Cryptocurrency has come a long way since it was first introduced in 2009. Since then, crypto has gained mainstream acceptance, and several types of cryptocurrencies have grown and flourished.
As interest in digital currencies continues to grow, you may be wondering whether it’s worth investing in these digital assets. Weighing the pros and cons of cryptocurrency will help you make an informed decision.
Before investing in cryptocurrency, it’s important to understand the positives and the negatives of digital currency.
Table of Contents
- Pros of Cryptocurrency
- Cons of Cryptocurrency
All forms of cryptocurrency are built with security and privacy in mind. Think of it as a virtual form of cash. Purchases can be made with anonymity, so there’s less risk of identity theft.
Although transactions have no personally identifiable information, they are made public. Cryptocurrency transactions are stored on an open ledger, known as the blockchain. Anyone can view this data at any given time, but they won’t know the identities of the people behind these transactions.
Low Transaction Costs
Compared to other digital payment options, like Stripe or PayPal, cryptocurrencies have lower transaction costs. Some coins don’t even charge a fee to finalize the transaction.
When cryptocurrency is sent from one address to another, the user may have to pay a network transaction fee. The actual fee will depend on the network that’s being used, and it will either be added to the value of the crypto or subtracted from the end cryptocurrency.
Some networks have no transaction fees, but for those that do, the fee is normally lower than other payment options.
Free of Geopolitical Impact
When weighing the advantages and disadvantages of cryptocurrency, one major benefit is that digital currency is free of geopolitical impact.
Cryptocurrencies are decentralized, so they are less affected by political influence. Because they operate independently of traditional markets, they are also immune to inflation or deflation.
Cryptocurrencies aren’t tied to one particular country or group of countries, so they are not impacted by policymaking, natural disasters, conflicts and other events that would negatively impact traditional currencies.
When you make a purchase with a traditional debit or credit card, you provide identification, including your name and account information. Most people don’t think twice about this exchange, but it puts your personal information at risk.
Hackers and thieves can gain access to your information when data breaches occur. Identity theft is a growing problem. In 2018, 14.4 million Americans alone were victims of identity theft, and more than 3 million were still held responsible for some of the liability of the fraud.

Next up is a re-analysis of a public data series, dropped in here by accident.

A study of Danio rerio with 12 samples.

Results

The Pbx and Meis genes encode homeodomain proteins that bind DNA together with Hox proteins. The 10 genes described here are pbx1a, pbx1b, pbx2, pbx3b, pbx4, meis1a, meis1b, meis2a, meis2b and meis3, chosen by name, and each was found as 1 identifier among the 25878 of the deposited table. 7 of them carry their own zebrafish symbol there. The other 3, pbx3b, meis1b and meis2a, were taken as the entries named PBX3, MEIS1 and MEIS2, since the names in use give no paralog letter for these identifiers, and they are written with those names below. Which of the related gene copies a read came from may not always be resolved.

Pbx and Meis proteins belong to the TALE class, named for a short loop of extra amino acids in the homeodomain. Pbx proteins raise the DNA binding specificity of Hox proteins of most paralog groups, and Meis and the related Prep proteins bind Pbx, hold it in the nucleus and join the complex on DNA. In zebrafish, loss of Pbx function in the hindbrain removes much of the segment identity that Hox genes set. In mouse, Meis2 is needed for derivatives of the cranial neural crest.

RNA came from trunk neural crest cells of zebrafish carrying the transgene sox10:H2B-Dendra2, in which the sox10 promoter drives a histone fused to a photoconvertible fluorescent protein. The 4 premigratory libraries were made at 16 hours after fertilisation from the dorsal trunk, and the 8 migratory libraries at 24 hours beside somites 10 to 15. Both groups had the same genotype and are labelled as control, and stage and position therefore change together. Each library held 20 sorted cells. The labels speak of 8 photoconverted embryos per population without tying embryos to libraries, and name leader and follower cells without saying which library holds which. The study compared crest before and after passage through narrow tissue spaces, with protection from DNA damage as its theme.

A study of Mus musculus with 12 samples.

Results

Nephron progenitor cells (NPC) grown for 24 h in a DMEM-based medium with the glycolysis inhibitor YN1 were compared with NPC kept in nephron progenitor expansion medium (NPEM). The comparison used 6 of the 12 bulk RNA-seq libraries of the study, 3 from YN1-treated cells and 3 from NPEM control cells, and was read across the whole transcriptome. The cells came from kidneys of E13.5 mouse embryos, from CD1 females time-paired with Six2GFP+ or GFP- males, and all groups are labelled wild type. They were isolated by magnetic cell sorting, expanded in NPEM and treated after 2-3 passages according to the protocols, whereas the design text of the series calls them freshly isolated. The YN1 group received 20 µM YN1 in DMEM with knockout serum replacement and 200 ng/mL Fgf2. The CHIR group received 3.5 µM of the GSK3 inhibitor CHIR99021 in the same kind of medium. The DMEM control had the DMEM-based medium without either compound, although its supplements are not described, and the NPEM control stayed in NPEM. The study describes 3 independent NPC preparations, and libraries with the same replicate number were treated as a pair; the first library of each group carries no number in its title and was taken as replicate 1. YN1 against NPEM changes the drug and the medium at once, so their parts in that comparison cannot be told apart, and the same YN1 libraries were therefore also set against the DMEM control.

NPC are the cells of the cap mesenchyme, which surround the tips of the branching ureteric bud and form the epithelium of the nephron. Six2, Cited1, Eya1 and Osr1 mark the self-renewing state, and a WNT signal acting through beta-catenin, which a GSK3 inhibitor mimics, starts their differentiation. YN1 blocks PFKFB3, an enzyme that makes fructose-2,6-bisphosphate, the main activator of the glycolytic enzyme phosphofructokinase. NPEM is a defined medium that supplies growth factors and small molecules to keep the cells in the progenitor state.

Data breaches happen on a regular basis, and you may not always be made aware of the incident.
Cryptocurrencies give you a way to protect your identity. All transactions are anonymous. The transaction itself is visible on the open ledger, but no identifiable information is included.
A New Way to Make Payments
Cryptocurrency provides consumers with another option for making payments. Many consumers don’t have access to credit or debit cards. Location constraints may make it difficult for buyers in some countries to make payments via credit card.
Cryptocurrency is legal in most parts of the world, and it provides a borderless method of paying for goods or services.
Tax Laws are Tricky
Cryptocurrency is volatile, so its value is constantly changing. To make things even more complicated, the laws on how to claim digital currency as taxable income are often vague and unclear.
Without a clearly defined way to value the coins, it’s difficult to determine how much taxes should be paid on them. For governments and cryptocurrency holders, these unclear laws can make tax filing challenging and complicated.
Only Accepted by Certain Vendors
Although cryptocurrency is gaining mainstream acceptance, it is still only accepted by certain vendors. Currently, digital currencies are not as widely accepted as Visa, Mastercard or other major credit cards.
Having a limited selection of vendors is a major disadvantage of cryptocurrency, but as it continues to gain mainstream acceptance, the list of participating vendors will grow. Major brands like Starbucks and Whole Foods recently began accepting cryptocurrency as payment for their products.
Cryptocurrency can be converted to cash, but that defeats the purpose of this decentralized, anonymous currency.
Transaction Fees Fluctuate
Fees fluctuate depending on the market demand and network capacity. The average transaction fee on the Bitcoin network, for example, has been steadily increasing because the cryptocurrency is becoming a scarce resource.
The way in which transaction fees are calculated is also a disadvantage. The more you pay, the quicker your transaction is processed. People paying higher network fees jump the queue, and those paying lower fees are deprioritized.